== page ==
December 18, 2013
Narrowly Focused Antibiotics Equally Effective for
Pediatric Pneumonia

Nashville, TN—Narrowly focused antibiotics such as penicillin or ampicillin work just as well for treating pneumonia in pediatric inpatients as broad-spectrum agents such as ceftriaxone or cefotaxime, according to a new study.

Vanderbilt University researchers note that outcomes are similar—including length of stay and costs—with both types of antibiotics. Results were published recently in the journal Pediatrics.

Broad-spectrum antibiotics are frequently overprescribed for pneumonia, which is one of the most common reasons for hospitalization among U.S. children, according to background in the article. Both types of antibiotics are considered effective against Streptococcus pneumoniae, the most common bacterial cause of pneumonia, but narrow spectrum is recommended to help stem growing resistance to the drug class.

“Sometimes there is a perception, not restricted to pneumonia, that the use of a broad spectrum antibiotic, a big gun, is going to be the best treatment for all patients. This perception can complicate the selection of antibiotics especially when there is limited information to support the decision,” said senior author Carlos G. Grijalva, MD, MPH. “To help inform those decisions, this study compared two pneumonia treatment regimens, a big gun (broad spectrum antibiotics) vs. a small gun (narrow spectrum antibiotics), and found there were no significant differences in clinical outcomes or associated costs.”

Narrow spectrum antibiotic therapy for pediatric pneumonia was recommended more than 2 years ago by a joint guideline from the Pediatric Infectious Diseases Society and Infectious Diseases Society of America, but this is one of the first studies to compare the effectiveness of that regimen with the use of broad-spectrum antibiotics.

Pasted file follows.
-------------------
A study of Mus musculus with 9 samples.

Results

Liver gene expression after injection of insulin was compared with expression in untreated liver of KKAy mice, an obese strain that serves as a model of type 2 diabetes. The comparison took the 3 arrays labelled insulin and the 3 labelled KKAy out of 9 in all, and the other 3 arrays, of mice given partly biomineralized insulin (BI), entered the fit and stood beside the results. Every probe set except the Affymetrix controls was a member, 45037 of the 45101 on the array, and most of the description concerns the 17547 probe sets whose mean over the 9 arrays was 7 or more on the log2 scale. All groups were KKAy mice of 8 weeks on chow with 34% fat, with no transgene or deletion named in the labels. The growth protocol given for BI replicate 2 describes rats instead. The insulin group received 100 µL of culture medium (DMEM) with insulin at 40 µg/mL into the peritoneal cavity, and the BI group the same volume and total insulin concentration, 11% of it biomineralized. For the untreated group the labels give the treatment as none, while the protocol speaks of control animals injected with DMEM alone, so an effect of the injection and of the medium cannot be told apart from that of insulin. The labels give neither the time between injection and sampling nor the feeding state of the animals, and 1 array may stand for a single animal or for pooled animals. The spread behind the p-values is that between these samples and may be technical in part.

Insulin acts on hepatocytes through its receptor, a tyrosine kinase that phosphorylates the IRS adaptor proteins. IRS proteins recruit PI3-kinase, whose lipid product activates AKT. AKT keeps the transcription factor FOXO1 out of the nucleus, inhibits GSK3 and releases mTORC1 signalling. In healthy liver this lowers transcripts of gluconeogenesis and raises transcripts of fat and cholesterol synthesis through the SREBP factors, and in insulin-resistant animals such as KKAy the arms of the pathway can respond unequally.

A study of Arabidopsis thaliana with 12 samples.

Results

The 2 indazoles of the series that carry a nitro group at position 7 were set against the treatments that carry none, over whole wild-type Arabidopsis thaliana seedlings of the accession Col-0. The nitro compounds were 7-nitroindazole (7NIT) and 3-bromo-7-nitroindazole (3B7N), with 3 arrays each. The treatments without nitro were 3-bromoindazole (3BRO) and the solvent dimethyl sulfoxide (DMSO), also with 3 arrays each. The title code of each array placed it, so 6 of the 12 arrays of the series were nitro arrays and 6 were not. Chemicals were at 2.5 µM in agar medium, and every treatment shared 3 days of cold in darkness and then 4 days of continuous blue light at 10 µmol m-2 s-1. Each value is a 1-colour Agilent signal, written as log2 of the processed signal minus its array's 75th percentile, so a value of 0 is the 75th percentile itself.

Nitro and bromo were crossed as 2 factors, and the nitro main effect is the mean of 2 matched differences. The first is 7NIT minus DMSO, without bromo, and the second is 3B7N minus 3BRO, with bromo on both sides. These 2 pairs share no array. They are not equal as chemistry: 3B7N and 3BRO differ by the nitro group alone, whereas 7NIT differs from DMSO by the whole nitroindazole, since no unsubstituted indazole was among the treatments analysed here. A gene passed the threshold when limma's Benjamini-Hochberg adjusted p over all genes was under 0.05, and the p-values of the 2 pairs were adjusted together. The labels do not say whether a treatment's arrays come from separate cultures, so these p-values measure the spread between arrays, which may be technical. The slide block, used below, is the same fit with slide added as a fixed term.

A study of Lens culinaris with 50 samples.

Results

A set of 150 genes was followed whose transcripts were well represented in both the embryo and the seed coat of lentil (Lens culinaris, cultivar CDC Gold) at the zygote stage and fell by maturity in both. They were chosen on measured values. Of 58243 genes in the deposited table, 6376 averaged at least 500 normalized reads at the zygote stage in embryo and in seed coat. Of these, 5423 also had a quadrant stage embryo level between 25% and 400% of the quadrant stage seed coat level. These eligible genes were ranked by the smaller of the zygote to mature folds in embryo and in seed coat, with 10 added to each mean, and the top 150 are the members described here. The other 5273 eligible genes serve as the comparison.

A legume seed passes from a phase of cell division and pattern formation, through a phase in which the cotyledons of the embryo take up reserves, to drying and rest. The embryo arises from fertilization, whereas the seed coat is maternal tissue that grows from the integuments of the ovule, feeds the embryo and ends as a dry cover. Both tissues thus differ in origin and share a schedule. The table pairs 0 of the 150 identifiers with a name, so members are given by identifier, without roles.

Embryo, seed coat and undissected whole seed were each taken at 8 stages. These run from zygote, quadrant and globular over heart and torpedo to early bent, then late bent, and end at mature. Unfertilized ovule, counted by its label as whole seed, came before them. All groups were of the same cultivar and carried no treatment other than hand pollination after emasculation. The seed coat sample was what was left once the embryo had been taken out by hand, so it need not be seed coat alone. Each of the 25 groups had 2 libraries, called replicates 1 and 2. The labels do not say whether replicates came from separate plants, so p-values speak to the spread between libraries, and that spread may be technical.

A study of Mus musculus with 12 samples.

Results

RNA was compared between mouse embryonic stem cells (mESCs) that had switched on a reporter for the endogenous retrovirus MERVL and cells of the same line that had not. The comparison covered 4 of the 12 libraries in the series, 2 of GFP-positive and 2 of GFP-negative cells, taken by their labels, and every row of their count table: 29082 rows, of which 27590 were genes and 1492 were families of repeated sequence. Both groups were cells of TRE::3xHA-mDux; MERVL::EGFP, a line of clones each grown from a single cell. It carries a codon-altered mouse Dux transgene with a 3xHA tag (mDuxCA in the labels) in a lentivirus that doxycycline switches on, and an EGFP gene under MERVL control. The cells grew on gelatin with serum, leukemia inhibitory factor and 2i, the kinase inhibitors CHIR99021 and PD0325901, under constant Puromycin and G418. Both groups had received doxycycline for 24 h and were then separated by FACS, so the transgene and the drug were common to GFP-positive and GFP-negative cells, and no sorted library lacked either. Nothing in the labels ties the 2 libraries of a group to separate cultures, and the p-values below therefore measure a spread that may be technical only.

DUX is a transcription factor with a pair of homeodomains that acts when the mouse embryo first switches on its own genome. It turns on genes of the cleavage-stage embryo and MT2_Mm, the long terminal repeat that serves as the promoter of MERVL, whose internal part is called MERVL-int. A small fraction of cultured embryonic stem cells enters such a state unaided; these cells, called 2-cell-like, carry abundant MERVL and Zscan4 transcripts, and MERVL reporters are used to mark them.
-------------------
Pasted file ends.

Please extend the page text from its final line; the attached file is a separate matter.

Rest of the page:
For the study, researchers reviewed data from 43 pediatric hospitals in the U.S., comparing outcomes among children 6 months to 18 years of age hospitalized for pneumonia between 2005 and 2011.

In the cases reviewed, 13,954 children received broad-spectrum therapy, 89.7%, and 1,610 received narrow-spectrum therapy, 10.3%, in a 3-day median hospital stay.

Of the children receiving broad-spectrum therapy, 1,506 were admitted to intensive care compared to 13 given narrow-spectrum therapy. Readmission rates were similar with 2.3% of the broad-spectrum patients coming back to the hospital, compared to 2.4% of children receiving narrow-spectrum therapy.

“We have seen increases in use of broad spectrum antibiotics and concurrent increases in disease caused by resistant bacteria. For this study, we hypothesized that narrow and broad-spectrum antibiotics would have similar effectiveness in the treatment of childhood pneumonia. Our findings support the preferential use of narrow spectrum antibiotics as first-line therapies for most children hospitalized with pneumonia,” said lead author Derek J. Williams, MD, MPH.

Williams pointed out that nearly 90% of children in the study had received broad-spectrum therapy, compared with only 10% receiving narrow-spectrum therapy.

“Although ampicillin or penicillin therapy was as effective as the third generation cephalosporins, use of the narrower spectrum drugs was very uncommon prior to release of the guidelines. In the near future, it would be interesting to evaluate whether the release of the consensus guidelines and related efforts facilitate widespread adoption of the new treatment recommendations,” he added.